Notes: Juarez's return from Donaire loss set

Cesar Juarez, left, returns to the ring after his loss to Nonito Donaire in December. Peter Amador/Top Rank

A few notes from around the boxing world:

  • Junior featherweight contender Cesar Juarez (17-4, 13 KOs), 24, of Mexico, who lost a decision in a sensational brawl with Nonito Donaire for a vacant world title fight on Dec. 11, will return to face the Philippines’ Alvin Bais (15-6-1, 4 KOs), 27, in a 10-round bout at 124 pounds on March 5 (beIN Sports Espanol) in Mexico City, Juarez's manager Sean Gibbons told ESPN.com on Tuesday.

    “I learned a lot from the fight with Nonito Donaire and I feel I am just getting better,” Juarez said. “This is the first step back to me becoming a world champion one day soon.”

    The bout, in Juarez’s hometown, is the co-feature on the card headlined by the return of former welterweight titleholder Antonio Margarito (38-8, 27 KOs), who is ending a more than four-year retirement to face Jorge Paez Jr. (39-7-2, 23 KOs) in a junior middleweight bout. Juarez survived two fourth-round knockdowns against Donaire to storm back before losing the fight of the year contender. “We’re just bringing Cesar back into the mix with this fight and then we’ll look at all opportunities for another shot at the title,” Gibbons said.

  • Lightweight Michael Perez (23-1-2, 11 KOs), 26, of Newark, New Jersey, will face Mexico’s Martin Honorio (33-9-1, 16 KOs), 36, a former featherweight and junior lightweight world title challenger, on March 4 (Estrella TV) at the Belasco Theatre in downtown Los Angeles. The fight is the main event of the one-year anniversary card of Golden Boy Promotions’ “LA Fight Club” series. Perez is 8-0-1 since a sixth-round knockout loss to Omar Figueroa Jr. in January 2012. Honorio won his last fight to end a three-fight skid.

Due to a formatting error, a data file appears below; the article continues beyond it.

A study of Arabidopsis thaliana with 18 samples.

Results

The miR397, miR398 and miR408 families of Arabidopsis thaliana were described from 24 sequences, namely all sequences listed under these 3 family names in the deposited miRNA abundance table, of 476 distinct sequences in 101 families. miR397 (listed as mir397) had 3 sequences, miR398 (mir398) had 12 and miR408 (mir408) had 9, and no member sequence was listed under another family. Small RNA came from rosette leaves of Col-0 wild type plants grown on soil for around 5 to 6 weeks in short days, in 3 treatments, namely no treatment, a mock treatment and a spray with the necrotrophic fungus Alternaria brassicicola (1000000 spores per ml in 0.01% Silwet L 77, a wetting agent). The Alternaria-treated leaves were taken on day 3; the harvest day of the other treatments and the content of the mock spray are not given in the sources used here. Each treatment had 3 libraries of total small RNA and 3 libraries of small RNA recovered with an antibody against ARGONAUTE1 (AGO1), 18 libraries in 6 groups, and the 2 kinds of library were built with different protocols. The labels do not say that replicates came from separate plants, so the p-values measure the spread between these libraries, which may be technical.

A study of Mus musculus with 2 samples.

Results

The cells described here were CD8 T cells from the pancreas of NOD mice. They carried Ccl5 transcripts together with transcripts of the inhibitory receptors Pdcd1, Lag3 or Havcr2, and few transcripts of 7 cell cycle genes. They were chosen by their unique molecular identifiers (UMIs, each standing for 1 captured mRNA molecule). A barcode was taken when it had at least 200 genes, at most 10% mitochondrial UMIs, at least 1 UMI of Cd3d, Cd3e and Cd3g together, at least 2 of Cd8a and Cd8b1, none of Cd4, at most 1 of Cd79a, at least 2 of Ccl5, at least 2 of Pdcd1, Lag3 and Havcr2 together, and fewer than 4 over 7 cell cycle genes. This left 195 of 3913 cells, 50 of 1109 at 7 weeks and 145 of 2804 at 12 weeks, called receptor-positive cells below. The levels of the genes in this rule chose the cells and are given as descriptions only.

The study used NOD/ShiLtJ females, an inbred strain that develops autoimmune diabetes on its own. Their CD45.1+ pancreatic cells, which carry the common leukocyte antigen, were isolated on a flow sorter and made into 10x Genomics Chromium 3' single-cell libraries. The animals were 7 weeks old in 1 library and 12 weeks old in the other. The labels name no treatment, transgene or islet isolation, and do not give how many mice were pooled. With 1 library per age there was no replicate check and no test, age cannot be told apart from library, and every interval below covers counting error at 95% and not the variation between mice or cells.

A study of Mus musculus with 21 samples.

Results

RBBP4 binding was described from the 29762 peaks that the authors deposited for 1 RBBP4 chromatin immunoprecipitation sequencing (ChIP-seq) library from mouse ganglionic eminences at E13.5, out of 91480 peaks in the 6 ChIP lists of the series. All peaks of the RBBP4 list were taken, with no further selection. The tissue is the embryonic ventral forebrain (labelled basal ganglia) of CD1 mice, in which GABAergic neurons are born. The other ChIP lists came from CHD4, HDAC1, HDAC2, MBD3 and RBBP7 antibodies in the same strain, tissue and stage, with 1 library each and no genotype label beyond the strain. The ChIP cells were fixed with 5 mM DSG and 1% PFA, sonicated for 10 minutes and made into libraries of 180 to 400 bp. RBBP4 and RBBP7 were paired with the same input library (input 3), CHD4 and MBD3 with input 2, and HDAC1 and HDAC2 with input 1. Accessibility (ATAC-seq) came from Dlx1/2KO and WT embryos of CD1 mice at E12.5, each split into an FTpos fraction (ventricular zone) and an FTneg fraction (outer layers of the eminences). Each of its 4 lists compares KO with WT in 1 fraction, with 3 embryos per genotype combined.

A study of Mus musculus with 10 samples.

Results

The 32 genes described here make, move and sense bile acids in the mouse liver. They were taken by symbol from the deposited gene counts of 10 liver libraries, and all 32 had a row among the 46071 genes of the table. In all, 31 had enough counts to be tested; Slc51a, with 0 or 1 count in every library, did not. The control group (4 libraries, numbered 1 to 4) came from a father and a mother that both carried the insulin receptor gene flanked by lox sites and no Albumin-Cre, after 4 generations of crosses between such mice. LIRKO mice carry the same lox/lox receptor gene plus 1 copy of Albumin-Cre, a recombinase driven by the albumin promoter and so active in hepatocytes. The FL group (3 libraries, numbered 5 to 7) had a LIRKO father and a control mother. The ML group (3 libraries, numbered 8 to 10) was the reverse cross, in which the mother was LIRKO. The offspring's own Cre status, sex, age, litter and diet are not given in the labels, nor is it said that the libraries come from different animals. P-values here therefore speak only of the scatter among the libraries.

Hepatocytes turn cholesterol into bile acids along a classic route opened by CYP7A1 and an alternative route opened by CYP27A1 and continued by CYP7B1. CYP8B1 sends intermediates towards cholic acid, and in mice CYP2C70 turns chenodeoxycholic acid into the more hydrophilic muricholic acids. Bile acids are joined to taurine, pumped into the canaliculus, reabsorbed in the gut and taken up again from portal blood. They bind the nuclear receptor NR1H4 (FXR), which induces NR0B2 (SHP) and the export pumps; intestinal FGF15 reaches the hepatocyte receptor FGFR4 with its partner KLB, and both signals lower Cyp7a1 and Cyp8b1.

• Amateur heavyweight standout Pano Tiatia, 19, of St. George, Utah, has signed a contract with manager Cameron Dunkin and will soon make his professional debut. The 220-pound Tiatia, who is of Samoan descent, is a bit short for a heavyweight at 5-foot-9, but Dunkin raved about his hand speed and power. “He bobs and weaves and backs people up. He’s really strong,” Dunkin said. Tiatia, 73-6 in the unpaid ranks, won four national amateur titles and also played high school football.